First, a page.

February 13, 2014

As of January 10, 2014, the “Ability to Repay and Qualified Mortgage Standards under the Truth in Lending Act (Regulation Z)” went into effect. Beyond the added compliance burden this will have, consider how this rule could impact strategy, interest rate risk and earnings at individual credit unions, and for the financial services industry as a whole.

There are many facets to the regulation, including limits on points and fees, caps on debt-to-income and limits on loan term. An additional requirement is that, on variable-rate mortgages, the originator must verify that the borrower can still make the payment assuming the maximum increase in rate over the first five years. For those credit unions that make and hold significant 1/1, 3/1 or 2/2 ARM, this could have a major impact. Many credit unions make these variable-rate loans in order to offer members another mortgage option, typically at a lower rate. A benefit of this is that it also provides some interest rate risk protection; yet under this new rule, the ability to originate and keep these loans may be severely diminished.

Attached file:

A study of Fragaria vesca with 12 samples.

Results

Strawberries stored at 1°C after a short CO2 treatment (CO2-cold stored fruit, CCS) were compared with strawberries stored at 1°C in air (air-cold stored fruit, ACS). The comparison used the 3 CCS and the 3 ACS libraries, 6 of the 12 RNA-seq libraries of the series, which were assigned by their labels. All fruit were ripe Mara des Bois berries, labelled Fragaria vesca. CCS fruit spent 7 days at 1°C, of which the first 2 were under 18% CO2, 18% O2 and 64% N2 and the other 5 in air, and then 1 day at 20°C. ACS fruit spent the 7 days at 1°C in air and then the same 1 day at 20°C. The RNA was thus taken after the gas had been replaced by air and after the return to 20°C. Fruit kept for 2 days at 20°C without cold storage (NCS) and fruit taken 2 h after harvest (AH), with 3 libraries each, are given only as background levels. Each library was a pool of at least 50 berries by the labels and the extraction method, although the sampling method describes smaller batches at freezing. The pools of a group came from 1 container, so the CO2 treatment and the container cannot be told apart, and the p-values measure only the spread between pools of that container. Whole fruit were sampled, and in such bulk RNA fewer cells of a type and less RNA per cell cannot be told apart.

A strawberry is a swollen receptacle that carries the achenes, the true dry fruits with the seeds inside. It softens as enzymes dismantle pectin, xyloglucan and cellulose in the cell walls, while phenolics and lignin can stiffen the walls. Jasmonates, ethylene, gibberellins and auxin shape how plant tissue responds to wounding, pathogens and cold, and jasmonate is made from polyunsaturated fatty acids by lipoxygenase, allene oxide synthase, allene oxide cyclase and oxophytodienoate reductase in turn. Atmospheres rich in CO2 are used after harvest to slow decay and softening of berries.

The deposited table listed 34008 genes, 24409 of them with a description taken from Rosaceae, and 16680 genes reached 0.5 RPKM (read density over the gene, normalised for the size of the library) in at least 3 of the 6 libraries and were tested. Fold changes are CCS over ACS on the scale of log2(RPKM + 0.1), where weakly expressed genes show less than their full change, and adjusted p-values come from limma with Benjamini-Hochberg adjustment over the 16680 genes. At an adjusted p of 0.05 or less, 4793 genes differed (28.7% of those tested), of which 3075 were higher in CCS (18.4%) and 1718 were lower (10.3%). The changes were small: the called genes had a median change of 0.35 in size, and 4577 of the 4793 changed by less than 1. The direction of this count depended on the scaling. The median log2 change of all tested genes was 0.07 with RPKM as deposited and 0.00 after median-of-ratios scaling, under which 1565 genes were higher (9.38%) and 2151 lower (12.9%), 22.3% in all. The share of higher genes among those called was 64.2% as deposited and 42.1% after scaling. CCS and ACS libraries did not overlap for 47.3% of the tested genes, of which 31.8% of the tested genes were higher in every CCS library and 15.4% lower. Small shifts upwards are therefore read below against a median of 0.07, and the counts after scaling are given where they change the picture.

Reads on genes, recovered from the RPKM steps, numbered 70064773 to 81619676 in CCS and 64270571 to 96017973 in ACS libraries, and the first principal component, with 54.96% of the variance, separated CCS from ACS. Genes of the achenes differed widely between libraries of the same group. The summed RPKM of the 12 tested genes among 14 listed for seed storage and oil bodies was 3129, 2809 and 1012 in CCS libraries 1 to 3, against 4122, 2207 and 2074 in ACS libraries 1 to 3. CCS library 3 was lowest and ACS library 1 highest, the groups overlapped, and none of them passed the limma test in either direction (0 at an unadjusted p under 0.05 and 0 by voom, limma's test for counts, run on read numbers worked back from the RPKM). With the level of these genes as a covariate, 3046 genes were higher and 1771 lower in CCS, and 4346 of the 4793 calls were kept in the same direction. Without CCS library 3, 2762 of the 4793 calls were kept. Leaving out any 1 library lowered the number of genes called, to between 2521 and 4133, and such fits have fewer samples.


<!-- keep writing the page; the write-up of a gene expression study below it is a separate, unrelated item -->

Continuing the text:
Take the example of a 1/1 ARM originated today with a starting rate of 2.5%, a 2.0% annual periodic cap and a 6.0% lifetime cap over the original rate. Given the requirements of the new Qualified Mortgage rule, the borrower would have to qualify for this loan at a rate of 8.50% (see table below):

Many members who could have previously qualified for a 1/1, 3/1 or 2/2 ARM may no longer qualify under this new rule. Now, while it could be argued that this could have the impact of reducing potential credit risk down the road, it also means that some adjustable rate mortgage products are likely to go away, or change materially. Consider, will credit unions switch to offering exclusively fixed-rate mortgage products or offering ARMs with initial lockouts of five years or longer? Either of these alternatives will add increased interest rate risk. The shift may not dramatically change interest rate risk profiles over 2014, but what happens after several years of a shift like this?

There is no doubt there are many other questions that credit unions should consider. Beyond the shift in risk that may occur, it can also be good to consider the longer-term strategic consequences credit unions could face.